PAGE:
Coin-Sized Button Batteries Pose Serious Risks for Young Children

Safe Kids Huron Valley urges parents to secure button battery devices.

Ann Arbor, Mich. – Nearly 3,000 children were seen in U.S. emergency rooms in 2012 after swallowing coin-sized button batteries that resulted in serious injuries and in some cases death.  According to the National Capital Poison Center, this is a disturbing trend that is steadily growing, with an average of eight kids seen in emergency rooms every day.  

When a child swallows a coin lithium button battery, often the battery will get stuck in the child’s throat.   The child’s saliva will trigger an electrical current, which causes a chemical reaction that can severely burn their esophagus in as little as two hours.  And once burning begins, damage can continue even after the battery is removed. 

The number of coin-sized button battery swallowing cases resulting in serious injury or death, more than quadrupled from 2006 - 2010 compared to the five years prior.  Children age 4 and under are at the greatest risk.

“We’re seeing these button battery swallowing accidents to children in Washtenaw and Livingston counties also,” said Amber Kroeker, Safe Kids Huron Valley Coordinator and Injury Prevention Health Educator for Mott Children’s Hospital.  “Parents and caregivers often don’t realize that coin-sized button batteries are included in talking and singing children’s books and many other common items that are mistakenly left within reach of their children around the home.”


As demand grows for smaller, slimmer and sleeker electronic devices, the number of

lithium (or coin-sized) button batteries in homes grows as well.  These batteries power common products around the home.


Common Locations for Button Batteries

·       Mini remote control devices that control DVD players and MP3 speakers

·       Flameless candles

·       Remote Keyless Entry Devices (Key fobs)

·       Calculators

·       Bathroom scales

·       Reading lights

·       Children’s talking and singing books; singing greeting cards.

·       Watches

What You Can Do


·       Secure button battery-powered devices out of sight and reach of children. Keep loose batteries locked away. To secure the battery in a television remote control, a simple fix is to put a large piece of duct tape over the controller to prevent small children from accessing the battery.


·       If you even suspect that your child has swallowed a battery, take your child to an emergency room immediately. (It may not be obvious at first that something is wrong.  Kids can still breathe with the coin lithium battery in their throat.)  Put the National Battery Ingestion Hotline (202-625-3333) into your phone.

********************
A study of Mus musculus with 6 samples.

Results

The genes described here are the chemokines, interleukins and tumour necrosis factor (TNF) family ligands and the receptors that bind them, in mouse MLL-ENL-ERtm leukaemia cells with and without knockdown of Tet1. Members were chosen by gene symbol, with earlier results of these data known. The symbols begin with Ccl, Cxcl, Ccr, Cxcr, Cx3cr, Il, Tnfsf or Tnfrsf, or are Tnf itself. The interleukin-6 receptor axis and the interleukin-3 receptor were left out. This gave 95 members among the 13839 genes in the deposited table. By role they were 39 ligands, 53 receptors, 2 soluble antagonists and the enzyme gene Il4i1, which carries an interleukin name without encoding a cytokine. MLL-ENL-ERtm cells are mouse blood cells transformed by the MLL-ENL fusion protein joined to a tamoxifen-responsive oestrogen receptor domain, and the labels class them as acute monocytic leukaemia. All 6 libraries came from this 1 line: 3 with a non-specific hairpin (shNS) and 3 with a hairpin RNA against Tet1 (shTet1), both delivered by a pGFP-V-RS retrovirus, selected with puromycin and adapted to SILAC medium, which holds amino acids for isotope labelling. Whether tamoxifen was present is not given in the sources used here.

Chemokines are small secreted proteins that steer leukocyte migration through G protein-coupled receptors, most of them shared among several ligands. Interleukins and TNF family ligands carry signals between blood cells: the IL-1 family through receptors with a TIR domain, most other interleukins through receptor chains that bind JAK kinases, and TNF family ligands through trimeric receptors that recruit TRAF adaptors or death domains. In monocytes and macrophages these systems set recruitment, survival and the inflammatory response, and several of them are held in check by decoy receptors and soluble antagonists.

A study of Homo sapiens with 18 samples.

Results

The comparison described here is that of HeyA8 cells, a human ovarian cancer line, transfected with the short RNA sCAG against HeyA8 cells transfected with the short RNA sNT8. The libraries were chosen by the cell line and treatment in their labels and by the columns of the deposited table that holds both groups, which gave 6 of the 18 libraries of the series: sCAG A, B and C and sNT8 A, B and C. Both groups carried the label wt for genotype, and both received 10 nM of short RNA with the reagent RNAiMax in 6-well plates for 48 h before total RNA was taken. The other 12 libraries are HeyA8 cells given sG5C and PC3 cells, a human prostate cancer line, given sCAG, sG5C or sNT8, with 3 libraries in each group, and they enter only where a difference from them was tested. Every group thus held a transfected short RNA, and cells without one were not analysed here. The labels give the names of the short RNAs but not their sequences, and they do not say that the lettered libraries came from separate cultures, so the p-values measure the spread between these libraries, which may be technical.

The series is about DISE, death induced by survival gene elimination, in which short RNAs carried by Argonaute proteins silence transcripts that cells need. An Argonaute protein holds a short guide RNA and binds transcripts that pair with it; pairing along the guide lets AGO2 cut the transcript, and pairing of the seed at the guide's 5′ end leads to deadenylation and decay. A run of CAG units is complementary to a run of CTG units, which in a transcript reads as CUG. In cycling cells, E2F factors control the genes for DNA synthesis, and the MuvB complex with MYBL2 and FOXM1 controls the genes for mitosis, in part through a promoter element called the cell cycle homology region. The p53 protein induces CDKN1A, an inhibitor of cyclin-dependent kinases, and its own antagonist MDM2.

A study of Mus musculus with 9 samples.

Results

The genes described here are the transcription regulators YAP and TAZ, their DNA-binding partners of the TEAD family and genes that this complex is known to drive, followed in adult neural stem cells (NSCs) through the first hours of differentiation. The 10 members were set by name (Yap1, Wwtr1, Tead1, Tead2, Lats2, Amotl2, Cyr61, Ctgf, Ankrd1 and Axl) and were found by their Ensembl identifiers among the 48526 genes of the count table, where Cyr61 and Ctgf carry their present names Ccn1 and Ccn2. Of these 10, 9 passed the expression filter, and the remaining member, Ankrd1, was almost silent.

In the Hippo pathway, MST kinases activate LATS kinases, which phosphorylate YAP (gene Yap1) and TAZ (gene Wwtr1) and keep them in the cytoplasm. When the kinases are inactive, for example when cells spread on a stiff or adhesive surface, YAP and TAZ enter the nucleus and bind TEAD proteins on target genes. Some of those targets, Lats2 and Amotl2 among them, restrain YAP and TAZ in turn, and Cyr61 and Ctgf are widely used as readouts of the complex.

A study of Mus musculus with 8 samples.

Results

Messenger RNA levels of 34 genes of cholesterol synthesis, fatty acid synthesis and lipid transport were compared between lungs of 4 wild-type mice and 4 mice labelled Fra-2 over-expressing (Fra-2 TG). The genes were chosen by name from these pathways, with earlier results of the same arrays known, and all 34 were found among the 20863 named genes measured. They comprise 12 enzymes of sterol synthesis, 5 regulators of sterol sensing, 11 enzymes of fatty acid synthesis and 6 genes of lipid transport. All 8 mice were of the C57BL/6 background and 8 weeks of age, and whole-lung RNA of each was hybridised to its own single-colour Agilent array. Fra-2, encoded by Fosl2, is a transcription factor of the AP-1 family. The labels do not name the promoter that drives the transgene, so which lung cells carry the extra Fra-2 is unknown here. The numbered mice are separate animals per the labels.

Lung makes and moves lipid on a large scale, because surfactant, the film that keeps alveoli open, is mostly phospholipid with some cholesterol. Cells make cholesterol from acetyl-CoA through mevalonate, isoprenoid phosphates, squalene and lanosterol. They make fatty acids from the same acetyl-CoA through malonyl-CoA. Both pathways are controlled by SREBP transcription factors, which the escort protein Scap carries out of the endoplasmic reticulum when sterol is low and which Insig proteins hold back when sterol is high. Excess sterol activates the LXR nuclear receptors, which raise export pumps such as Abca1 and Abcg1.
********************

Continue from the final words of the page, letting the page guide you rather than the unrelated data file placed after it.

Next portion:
·       Share this life-saving information with caregivers, friends, family members and sitters.


In 2011, Energizer and Safe Kids joined together to create The Battery Controlled, a partnership to share life-saving information with parents and caregivers about the potential risks of swallowing coin lithium batteries.


In addition to its awareness efforts, in 2012 Energizer introduced coin cell battery packaging that meets strict guidelines for child-resistant packaging set by the U.S. Consumer Product Safety Commission (CPSC). Energizer has conducted research to understand the root cause of the chemical reaction that occurs when a coin lithium button battery is swallowed and has collaborated with health and safety professionals and others in the industry to share its findings in search of a solution.


About Safe Kids Huron Valley


Safe Kids Huron Valley, which includes Livingston and Washtenaw counties, works to prevent unintentional childhood injury, the leading cause of death and disability to children through age 14. Throughout the world, almost 1 million children die of injuries each year, and every one of these tragedies is preventable.  Safe Kids Huron Valley is a member of Safe Kids Michigan and Safe Kids Worldwide, a global network of organizations dedicated to preventing unintentional injury.  Safe Kids Huron Valley is proudly led by University of Michigan C.S. Mott Children’s Hospital. 

Visit Safe Kids Huron Valley on Facebook.